Breaking Barriers; The Importance of Gender Equity in the Workplace - ATL HR : Smarter HR

The topic of gender equity has been a subject of considerable debate, invoking questions and concerns that affect both ends of the spectrum.

To start however, it is important to make a clear distinction between gender equity and gender equality, both of which while in the same boat, headed to the same place, are slightly different passengers.

So, what’s the difference, you ask?

United Nations Educational, Scientific and Cultural Organization (UNESDOC) describes the difference as:

“Gender equality, equality between men and women… does not mean that women and men have to become the same, but that their rights, responsibilities and opportunities will not depend on whether they were born male or female. Gender equity means fairness of treatment for men and women according to their respective needs. This may include equal treatment or treatment that is different but which is considered equivalent in terms of rights, benefits, obligations, and opportunities.”

Which translates to; if gender equality is the navigator, with their foot perched on the end and a map held in their hands, gender equity is the frantically rowing oarsman.

Gender equality cannot be achieved without gender equity.

Inequality can present itself in a workplace in several different forms and despite some progress made in previous years, the gender gap in the workforce has only widened by the fallout caused by the pandemic.

The International Labour Organization reports that a decrease of 4.2% in women’s employment occurred in 2019-2020 compared to a 3% decrease in men’s employment, due to unequal pay, no social protection and large increase in violence & harassment. Out of the many groups of people affected by this problem, Bangladesh is ranked 131 on the UNDP 2021-22 Gender Inequality Index. In addition to this as per World Economic Forum’s 2021 Global Gender Gap Report, there is an 88% gender gap in managerial positions in Bangladesh.

And while some efforts have been taken to address this, it is simply not enough. According to Article 28 of the Bangladesh Constitution, women should have equality of opportunity and rights in all spheres of life. Yet, the 2007 Bangladesh Occupational Wage Survey shows that men earn more money per hour than women.

A wage gap, however, is only one of various ways that working women in Bangladesh face gender inequity, such as – unjust pay, mental & sexual harassment, limited opportunities, less workplace safety, disparity in promotions, biasness against mothers – regardless of their backgrounds.

Constantly being subject to unfair scrutiny or watching as your colleagues receive credit for something you did, the credibility of which is affected by something as simple as one’s gender, can take quite a toll on one’s mental, physical and emotional health. It decreases their productivity, motivation, self-confidence, raises their stress level and makes them feel unsafe in their very own workplace.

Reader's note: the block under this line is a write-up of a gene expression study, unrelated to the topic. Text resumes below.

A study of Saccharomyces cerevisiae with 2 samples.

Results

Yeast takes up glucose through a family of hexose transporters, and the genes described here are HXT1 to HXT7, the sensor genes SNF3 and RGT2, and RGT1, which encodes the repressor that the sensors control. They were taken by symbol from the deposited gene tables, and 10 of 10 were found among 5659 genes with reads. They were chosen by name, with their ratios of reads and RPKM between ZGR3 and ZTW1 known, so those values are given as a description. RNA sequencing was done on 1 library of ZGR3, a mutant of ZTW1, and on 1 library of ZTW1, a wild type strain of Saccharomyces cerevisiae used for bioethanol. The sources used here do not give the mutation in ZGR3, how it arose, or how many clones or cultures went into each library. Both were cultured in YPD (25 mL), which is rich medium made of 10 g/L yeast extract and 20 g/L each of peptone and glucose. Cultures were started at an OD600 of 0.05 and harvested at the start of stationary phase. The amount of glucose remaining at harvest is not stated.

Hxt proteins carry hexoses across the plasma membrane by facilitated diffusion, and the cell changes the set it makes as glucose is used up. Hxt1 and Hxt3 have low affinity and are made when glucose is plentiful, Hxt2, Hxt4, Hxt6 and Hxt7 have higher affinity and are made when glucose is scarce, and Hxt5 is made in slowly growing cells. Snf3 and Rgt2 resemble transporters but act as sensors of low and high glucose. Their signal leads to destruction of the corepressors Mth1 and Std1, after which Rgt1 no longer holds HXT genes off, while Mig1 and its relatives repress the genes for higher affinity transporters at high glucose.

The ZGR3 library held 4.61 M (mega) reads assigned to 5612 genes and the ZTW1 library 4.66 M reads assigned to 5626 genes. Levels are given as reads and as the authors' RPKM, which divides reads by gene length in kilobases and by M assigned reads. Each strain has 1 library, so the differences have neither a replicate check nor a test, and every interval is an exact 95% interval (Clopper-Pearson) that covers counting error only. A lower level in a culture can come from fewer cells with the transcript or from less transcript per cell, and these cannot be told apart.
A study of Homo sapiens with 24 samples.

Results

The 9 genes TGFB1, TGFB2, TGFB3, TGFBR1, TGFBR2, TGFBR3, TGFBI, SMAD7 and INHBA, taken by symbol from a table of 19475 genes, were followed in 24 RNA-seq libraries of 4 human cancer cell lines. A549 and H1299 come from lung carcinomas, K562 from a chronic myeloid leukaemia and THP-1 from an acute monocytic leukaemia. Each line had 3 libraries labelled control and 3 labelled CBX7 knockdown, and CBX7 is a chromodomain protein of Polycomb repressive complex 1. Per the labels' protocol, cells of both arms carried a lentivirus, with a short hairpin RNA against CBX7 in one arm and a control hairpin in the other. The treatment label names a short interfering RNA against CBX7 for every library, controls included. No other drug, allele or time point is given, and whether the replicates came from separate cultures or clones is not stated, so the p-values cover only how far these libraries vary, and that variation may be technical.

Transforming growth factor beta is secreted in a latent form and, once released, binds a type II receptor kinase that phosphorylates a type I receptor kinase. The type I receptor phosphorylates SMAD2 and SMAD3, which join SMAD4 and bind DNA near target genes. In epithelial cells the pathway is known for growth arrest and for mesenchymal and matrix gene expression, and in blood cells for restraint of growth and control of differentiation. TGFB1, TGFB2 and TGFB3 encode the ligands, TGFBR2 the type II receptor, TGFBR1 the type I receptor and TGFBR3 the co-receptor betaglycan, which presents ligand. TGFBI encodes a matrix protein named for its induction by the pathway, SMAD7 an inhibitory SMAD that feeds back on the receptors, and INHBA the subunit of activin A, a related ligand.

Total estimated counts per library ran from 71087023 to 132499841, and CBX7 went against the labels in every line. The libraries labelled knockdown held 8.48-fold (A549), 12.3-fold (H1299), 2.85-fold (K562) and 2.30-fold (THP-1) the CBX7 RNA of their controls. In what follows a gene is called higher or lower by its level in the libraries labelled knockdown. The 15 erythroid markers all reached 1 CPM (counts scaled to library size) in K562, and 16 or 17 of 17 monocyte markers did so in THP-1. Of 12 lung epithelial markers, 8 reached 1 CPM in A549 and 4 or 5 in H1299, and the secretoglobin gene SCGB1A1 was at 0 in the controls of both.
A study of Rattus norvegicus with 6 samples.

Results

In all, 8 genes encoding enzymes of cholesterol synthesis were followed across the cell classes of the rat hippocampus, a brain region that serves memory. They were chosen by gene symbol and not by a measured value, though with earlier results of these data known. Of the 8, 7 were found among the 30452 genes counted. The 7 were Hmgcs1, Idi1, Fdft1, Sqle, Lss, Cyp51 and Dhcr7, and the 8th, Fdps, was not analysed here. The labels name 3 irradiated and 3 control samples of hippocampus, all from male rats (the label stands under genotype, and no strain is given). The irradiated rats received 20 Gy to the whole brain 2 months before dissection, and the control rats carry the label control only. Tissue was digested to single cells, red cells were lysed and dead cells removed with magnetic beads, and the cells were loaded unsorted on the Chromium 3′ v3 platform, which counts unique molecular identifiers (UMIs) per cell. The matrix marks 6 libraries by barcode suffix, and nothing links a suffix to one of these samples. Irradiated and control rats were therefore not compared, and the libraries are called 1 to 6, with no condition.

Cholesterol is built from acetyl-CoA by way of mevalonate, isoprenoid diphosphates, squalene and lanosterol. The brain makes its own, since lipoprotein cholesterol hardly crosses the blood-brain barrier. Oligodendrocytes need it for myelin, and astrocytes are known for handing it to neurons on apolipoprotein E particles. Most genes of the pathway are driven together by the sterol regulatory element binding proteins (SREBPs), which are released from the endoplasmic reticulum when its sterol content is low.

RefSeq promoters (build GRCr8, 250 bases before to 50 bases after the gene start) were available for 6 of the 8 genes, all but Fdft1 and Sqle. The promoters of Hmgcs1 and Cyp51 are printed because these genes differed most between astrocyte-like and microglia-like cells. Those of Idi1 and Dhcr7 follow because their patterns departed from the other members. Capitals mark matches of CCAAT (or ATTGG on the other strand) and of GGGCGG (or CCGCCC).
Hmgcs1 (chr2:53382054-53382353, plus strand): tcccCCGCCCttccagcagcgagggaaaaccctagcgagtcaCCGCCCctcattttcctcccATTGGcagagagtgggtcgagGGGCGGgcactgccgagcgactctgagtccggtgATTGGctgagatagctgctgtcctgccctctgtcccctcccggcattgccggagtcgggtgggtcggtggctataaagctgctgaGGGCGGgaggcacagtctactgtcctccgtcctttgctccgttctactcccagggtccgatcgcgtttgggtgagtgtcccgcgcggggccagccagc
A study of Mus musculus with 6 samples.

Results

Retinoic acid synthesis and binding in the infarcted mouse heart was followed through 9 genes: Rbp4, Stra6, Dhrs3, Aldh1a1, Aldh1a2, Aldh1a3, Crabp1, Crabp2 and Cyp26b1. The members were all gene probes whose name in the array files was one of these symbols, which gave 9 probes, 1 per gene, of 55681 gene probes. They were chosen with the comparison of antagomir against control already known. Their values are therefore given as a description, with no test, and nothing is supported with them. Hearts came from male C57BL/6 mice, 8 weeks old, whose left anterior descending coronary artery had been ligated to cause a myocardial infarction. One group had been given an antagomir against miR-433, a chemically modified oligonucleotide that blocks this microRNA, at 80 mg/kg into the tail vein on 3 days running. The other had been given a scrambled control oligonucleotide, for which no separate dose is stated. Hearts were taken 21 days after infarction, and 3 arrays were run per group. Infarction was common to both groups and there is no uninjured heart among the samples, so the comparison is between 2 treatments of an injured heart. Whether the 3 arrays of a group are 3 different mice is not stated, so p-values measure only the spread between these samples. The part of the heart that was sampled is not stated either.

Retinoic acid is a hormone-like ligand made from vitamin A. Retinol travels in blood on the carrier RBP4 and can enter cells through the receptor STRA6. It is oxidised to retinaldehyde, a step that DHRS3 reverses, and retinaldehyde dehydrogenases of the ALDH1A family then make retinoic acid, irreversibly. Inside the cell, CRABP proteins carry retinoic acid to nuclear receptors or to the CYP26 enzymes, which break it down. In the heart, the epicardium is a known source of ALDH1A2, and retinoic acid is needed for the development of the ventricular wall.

And the most alarming part of it all is that most women are not aware of what can be done to protect themselves from this situation. In most cases, the laws that have been made to protect women from such circumstances are hardly being used to their benefit.

Simply because most women are unaware of their equality rights in the workplace. Only with awareness about gender equity can we make positive strides towards its implementation.

So how can companies do their part in trying to fix what’s broken? Creating empowering women in the economy is one of the Key Sustainable Development Goals, that has been set to achieve gender equality and empower all women. Companies can contribute to the UN SDG by employing women in the workplace, encouraging them to take part in decision making and to pursue leadership roles.

In today’s day and age, there are countless ways in which companies can take initiatives to put this into effect. Some ways to improve gender equity in the workplace are:

  • Having women leaders in the workplace. According to a survey by Gallup, employees are six percentage points more engaged working under a female manager than for a male manager.
  • Training managers to make them aware of their prejudices and stereotypes so they can be just and unbiased in their decision making and behaviour.
  • Refining the recruitment process to assess candidates only on the basis of merit, eliminating any and all other biases that come with gender or background.
  • Equitable and transparent salaries should be guaranteed, ensuring all the employees, regardless of their gender, get equal pay for the same amount of work.
  • Promotion procedures should include opinions of a group of diverse  who will offer well rounded feedback of work based entirely on merit.
  • Workplace must have policies to prevent sexual harassment and power abuse.

Gender equality and diversity and its benefits are endless. Ensuring equitable participation of the employees, regardless of their gender, will attract a larger pool of varied ideas, talents and techniques. It will lead to a more collaborative and effective work environment. In fact, according to McKinsey Global Institute, If women and men participate equally in the workforce, the global GDP can be increased by $28 trillion.

Who knew that passing up the chance to implement gender equity would turn out to be such an expensive decision?

Eventually, however, the goal of implementing gender equity anywhere in the world, be it in everyday life, or in the workplace, is to ensure a future that is just and fair. Where there is no place for prejudice and people are judged on the basis of merit alone. As it should always have been and as it should always be.

Sounds like a nice world, doesn’t it?